CHR lease renewed by City Council
The City Council approved a lease for Community Housing and Resources until Sept. 30, 2022.
Councilman Jason Maughan said Community Housing and Resources was the start of an important city obligation of a community planning act, who does it considerably cheaper in his estimations than if they had to handle the matter themselves. He said the new lease takes into account some additional costs relative to insurance, including some items that transpired recently for audit reimbursement.
On, or before Jan. 15 of each year CHR provides an audit, which has a price tag of $15,000. According to their lease, “CHR shall submit for reimbursement from city for its reasonable expenses incurred in obtaining this audit, not more than $15,000.)”
In addition, Maughan said the lease includes language to anticipate the changes for the Center 4 Life down the road to keep the same arrangement and flexibility for the engineering and planning of how it looks.
“The shared space with Center 4 Life has been a good relationship between the seniors and the CHR administrative staff and executive officers,” Maughan said. “The truth be told, originally I was going to discuss having a separate office somewhere, so they weren’t linked, but there was a request by both sides quite frankly that they have enjoyed working together.”
He said he wanted to make the language vague enough that there is a minimum requirement of the eventual plan.
According to the lease, the first fiscal year of the agreement, commencing on Oct. 1, and ending Sept. 30, 2018, $324,753.45 that will be paid to CHR by the city as the administrative budget. “Annually, CHR’s annual administrative budget payment by the city will be increased by 5 percent for the term of this agreement.”
Vice Mayor Mick Denham said he was a little concerned about the increase from 3 percent to 5 percent. He said he is a little concerned about the restraints it will put on the city.
“At some point in time we will certainly run into a conservation relative to the budget. I will tell you the impacts of the storm were significant. As we go through the exercise this evening (first budget hearing Oct. 3) we will see exactly how impactful the storm has been to our budget and our balance sheet,” Mayor Kevin Ruane said. “We prepared for it, but we certainly utilized all the reserves we had in place . . . it is certainly not much of unappropriated cash that we had left in the budget. I think there is $94,000 if I recall correctly. We are going to have a consideration tonight in the change of the Rec Center and some of the fees that we talked about. That won’t be embraced and that’s $174,000. This increase is nominal in nature at $15,000. I understand that.”
He said there is only so much financial capacity that he has with the storm having an impact.
“I certainly support what CHR does and everything it has to do in that regard. Certainly we understand the nature, just like the affects of the storm, you certainly will have the affects of this,” Ruane said. “I certainly support this change, and I certainly support the increase.”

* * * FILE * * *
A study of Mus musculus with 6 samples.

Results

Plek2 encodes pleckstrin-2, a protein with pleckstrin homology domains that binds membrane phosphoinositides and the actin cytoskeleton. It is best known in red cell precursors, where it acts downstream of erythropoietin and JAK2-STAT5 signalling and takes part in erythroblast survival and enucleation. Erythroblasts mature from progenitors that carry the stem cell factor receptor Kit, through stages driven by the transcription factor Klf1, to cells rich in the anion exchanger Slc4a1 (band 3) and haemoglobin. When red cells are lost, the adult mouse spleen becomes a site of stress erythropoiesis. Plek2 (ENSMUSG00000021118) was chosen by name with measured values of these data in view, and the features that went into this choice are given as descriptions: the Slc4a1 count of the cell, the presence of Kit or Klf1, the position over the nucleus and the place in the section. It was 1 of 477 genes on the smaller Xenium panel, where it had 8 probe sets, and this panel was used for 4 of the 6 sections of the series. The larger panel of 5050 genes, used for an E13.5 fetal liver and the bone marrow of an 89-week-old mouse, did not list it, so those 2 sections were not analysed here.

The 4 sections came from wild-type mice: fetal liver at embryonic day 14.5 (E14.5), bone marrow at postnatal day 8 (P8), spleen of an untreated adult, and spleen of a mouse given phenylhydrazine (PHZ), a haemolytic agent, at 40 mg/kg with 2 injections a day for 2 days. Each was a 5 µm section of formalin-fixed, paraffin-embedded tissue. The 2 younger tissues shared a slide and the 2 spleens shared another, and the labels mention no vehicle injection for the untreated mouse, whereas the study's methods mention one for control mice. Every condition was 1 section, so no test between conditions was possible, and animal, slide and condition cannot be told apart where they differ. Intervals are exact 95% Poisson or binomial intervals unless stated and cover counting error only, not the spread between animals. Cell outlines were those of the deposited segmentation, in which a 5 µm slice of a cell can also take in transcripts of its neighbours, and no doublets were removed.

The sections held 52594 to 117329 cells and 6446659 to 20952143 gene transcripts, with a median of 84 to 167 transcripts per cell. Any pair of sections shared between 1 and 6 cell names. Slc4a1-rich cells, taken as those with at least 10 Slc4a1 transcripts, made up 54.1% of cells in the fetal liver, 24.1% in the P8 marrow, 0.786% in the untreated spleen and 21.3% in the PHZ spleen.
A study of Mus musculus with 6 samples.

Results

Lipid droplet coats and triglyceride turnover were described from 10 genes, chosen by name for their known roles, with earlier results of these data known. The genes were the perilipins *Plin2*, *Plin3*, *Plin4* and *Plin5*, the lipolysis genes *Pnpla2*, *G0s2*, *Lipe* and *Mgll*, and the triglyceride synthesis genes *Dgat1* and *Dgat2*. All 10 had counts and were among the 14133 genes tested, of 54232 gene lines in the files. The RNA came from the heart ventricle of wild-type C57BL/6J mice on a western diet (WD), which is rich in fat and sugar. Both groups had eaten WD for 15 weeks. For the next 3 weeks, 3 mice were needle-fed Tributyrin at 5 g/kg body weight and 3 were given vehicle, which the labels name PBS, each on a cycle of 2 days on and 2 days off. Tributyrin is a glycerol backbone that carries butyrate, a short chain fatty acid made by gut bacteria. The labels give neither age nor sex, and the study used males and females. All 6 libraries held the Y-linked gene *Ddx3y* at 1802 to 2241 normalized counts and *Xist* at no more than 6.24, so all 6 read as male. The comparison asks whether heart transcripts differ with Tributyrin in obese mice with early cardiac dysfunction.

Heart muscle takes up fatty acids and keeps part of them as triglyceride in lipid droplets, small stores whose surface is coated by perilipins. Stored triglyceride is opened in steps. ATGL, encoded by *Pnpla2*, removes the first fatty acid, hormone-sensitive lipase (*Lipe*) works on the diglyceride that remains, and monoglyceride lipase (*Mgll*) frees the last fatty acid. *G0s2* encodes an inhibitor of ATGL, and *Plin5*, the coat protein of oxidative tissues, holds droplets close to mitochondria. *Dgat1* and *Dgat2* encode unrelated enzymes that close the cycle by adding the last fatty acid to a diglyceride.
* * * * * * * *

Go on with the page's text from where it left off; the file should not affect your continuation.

CHR President Richard Johnson said there was a different time in the organization’s life where it was necessary to pull themselves up by their boot straps.
“Prior to that it was an automatic annual increase,” Johnson said. “We are asking to go back to that automatic increase. The reason for that change is during the last contract period, I believe there were some concerns about the viability and operation of the organization at that time. I believe and am very confident standing before you and the public to say that those times are clearly behind us and we are moving in a good solid financial and providing a much needed, evidence by the waiting list we have currently, resource here in this community.”
Councilman Chauncey Goss asked if they are moving in a direction of 5 percent annually and need 7 percent, would it not be better to come in and ask for the 7 percent.
“We are comfortable with five automatic. One of the things that we have been able to do is change the culture of the organization over the last six to eight years. We have been putting into place facility reserves, so we can take care of additional unexpected expenses, or expected expenses as roof replacements,” Johnson said. “One of the things that is challenging us, just like everyone else in the state of Florida, is rising insurance costs.”
Ruane asked if CHR had any dollar and cent impacts of what Hurricane Irma did to their property.
Johnson said they had vegetative damage, as well as significant damage at their Riverview property.
“All CHR residents in the event of a mandatory evacuation have to evacuate their units. We did that this year. We were actually on the front end of getting everyone out by 2:00 Friday afternoon. We had everybody out. It was a good thing that we did because we actually had a tree come down on our Riverview structure. It actually penetrated the roof structure there,” Johnson said.
That resident was moved into another existing unit.
The insurance deductibles on wind coverage, based on percentage of policy insurance coverage, was $14,000 that CHR had to take out of pocket.
“I think it is important for the community to understand the total impact,” Ruane said. “It’s going to be a challenge across the board.”